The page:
When I discover something new I usually use it frequently at first, so I can get familiar with it and have a better sense of what I can do with it. If I just use it once, chances are I will be just as reluctant to use it the next time it comes up as I was the first time.
And so it has gone with fennel. Fennel has intrigued me for many years, but every time I saw it at the grocery store and considered bringing it home, I just couldn't picture preparing it. What do you do with the stems, not to mention the fronds? How exactly do you cut the bulb, and how do you cook it after it is cut? It seems strange to be intimidated by a vegetable, but there you have it. We all have our food fears. Half the fun of being in the kitchen for me these days is overcoming those unexplainable little fears and cooking up a mess of something strange, wondrous and new.
Once I had bought my first fennel bulb, I took it home and cut off the stalks. I wasn't entirely sure what I wanted to do with them, but I did not want to just throw them away. I put them in a plastic bag and threw them into the produce drawer of the refrigerator. I had some chicken bones in the freezer and I thought I could use the fennel stalks the next time I made stock.
Then I sliced the bulb in half. You can see how it grows, with the layers coming out of the triangular core there at the bottom. What I did not know the first time I used it was that the core is really tough. You would think it would have occurred to me because you cut the core out of every other vegetable, but I wasn't really thinking. And that little bit of core at the bottom of every piece of fennel was tough and not tasty at all.
And as usually happens when you try something new, that same week on her Food Network show "Barefoot Contessa Back To Basics" Ina Garten prepared a fennel bulb. The first thing she did after cutting the bulb in half was to cut out the core. So I did the same the next time I used it and it made all the difference in the world.
The next time I bought a fennel bulb was for the pot roast, which was a big success. I now had two sets of stalks and I was pretty sure I didn't want to put that much in my chicken stock. But I did have those two beautiful beef shanks with which I planned to make Vegetable Beef Soup. I used the stalks from the first bulb first and sliced them up about the same size as the carrots. Their flavor is stronger than the bulb so I really just wanted to capture the flavor, so using them for the braising seemed perfect. And that was one delicious beef soup, if I do say so myself.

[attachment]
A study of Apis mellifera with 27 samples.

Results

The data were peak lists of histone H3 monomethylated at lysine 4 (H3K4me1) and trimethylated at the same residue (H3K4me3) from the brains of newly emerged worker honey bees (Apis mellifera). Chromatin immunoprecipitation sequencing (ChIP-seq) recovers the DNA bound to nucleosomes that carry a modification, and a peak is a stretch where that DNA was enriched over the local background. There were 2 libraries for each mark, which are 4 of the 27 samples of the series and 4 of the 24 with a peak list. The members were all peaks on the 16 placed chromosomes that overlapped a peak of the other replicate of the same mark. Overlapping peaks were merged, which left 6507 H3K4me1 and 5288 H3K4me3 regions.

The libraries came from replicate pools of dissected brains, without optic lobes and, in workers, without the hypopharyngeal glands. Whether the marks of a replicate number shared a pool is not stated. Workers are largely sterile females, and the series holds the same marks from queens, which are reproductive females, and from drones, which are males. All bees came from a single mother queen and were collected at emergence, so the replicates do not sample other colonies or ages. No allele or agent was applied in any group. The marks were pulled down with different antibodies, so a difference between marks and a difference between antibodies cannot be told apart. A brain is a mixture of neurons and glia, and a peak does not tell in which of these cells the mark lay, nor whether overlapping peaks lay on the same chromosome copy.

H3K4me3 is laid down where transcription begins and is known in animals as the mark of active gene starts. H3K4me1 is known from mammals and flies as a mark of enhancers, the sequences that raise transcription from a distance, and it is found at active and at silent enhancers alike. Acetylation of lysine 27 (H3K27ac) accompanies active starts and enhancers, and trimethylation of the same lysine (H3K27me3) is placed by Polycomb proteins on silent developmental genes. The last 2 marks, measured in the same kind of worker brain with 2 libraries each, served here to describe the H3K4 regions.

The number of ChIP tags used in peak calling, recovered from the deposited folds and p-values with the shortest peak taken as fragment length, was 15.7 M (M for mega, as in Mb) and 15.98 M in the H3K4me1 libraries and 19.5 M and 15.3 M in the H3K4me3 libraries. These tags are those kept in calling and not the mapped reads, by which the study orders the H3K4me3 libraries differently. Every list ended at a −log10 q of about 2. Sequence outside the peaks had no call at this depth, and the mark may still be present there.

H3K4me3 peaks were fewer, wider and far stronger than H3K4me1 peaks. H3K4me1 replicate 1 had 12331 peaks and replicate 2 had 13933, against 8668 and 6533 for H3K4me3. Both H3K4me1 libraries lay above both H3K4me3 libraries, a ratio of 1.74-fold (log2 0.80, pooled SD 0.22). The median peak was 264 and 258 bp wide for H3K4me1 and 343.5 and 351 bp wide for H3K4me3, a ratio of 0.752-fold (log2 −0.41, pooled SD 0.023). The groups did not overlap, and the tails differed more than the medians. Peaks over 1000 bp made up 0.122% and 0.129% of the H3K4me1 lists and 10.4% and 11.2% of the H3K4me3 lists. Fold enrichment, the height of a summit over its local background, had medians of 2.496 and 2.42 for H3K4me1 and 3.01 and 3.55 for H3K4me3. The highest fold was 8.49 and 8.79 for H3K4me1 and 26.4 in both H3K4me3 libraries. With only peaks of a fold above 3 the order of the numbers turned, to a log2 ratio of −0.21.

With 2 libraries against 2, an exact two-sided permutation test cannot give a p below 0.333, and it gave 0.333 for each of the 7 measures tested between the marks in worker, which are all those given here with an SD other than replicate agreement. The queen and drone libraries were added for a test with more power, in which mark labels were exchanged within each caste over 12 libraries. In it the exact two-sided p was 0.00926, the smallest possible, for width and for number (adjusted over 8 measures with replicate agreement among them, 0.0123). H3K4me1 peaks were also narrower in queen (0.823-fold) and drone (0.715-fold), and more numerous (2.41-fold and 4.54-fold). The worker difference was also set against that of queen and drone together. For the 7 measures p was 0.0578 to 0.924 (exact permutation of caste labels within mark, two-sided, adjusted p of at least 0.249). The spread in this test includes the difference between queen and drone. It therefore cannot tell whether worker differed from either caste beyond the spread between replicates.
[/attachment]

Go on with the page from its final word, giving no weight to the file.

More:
After reading misreall's comment about how good blood oranges are right now, they caught my eye the next time I was at the grocery store so I brought a couple home with me. I know orange and fennel is a common flavor combination, so when I was getting ready to bake another chicken, I thought it might be good to combine the blood orange and the fennel.
I cut the peel away from the orange and thinly sliced it instead of segmenting it. I pushed the slices between the skin and the pieces of the cut-up chicken before seasoning it and putting it into the oven. I layered the chicken over onions, carrots, garlic and the fennel that had been seasoned with salt, pepper, thyme and marjoram and then covered with a couple of tablespoons of olive oil.
The juice from the orange had permeated into the meat, but it did leave the remaining segments somewhat dry, and surprisingly bitter. I would either just use the juice next time, or remove the remaining pulp before serving.
I thought couscous would make a nice accompaniment to the chicken, so I cooked up a batch in some chicken stock I had in the freezer. I combined it with the roasted vegetables. Once I got it on the plate, though, it looked kind of bland and monochromatic, so I diced a roasted red pepper to throw over the whole thing. Not only did it look much better, the peppers added a lovely zing of flavor.
I followed my usual method for baking the chicken. You can find a good description here, just use onions, garlic, and fennel. Add carrots and celery if you want - I would have if there had been any in my vegetable bin and then maybe there would have been more color. I used salt, pepper, thyme and marjoram for seasoning. For the couscous, I basically followed the package directions and then combined them with the vegetables. I used a jarred roasted red pepper. This is an easy dish and it works really well on a cold winter night.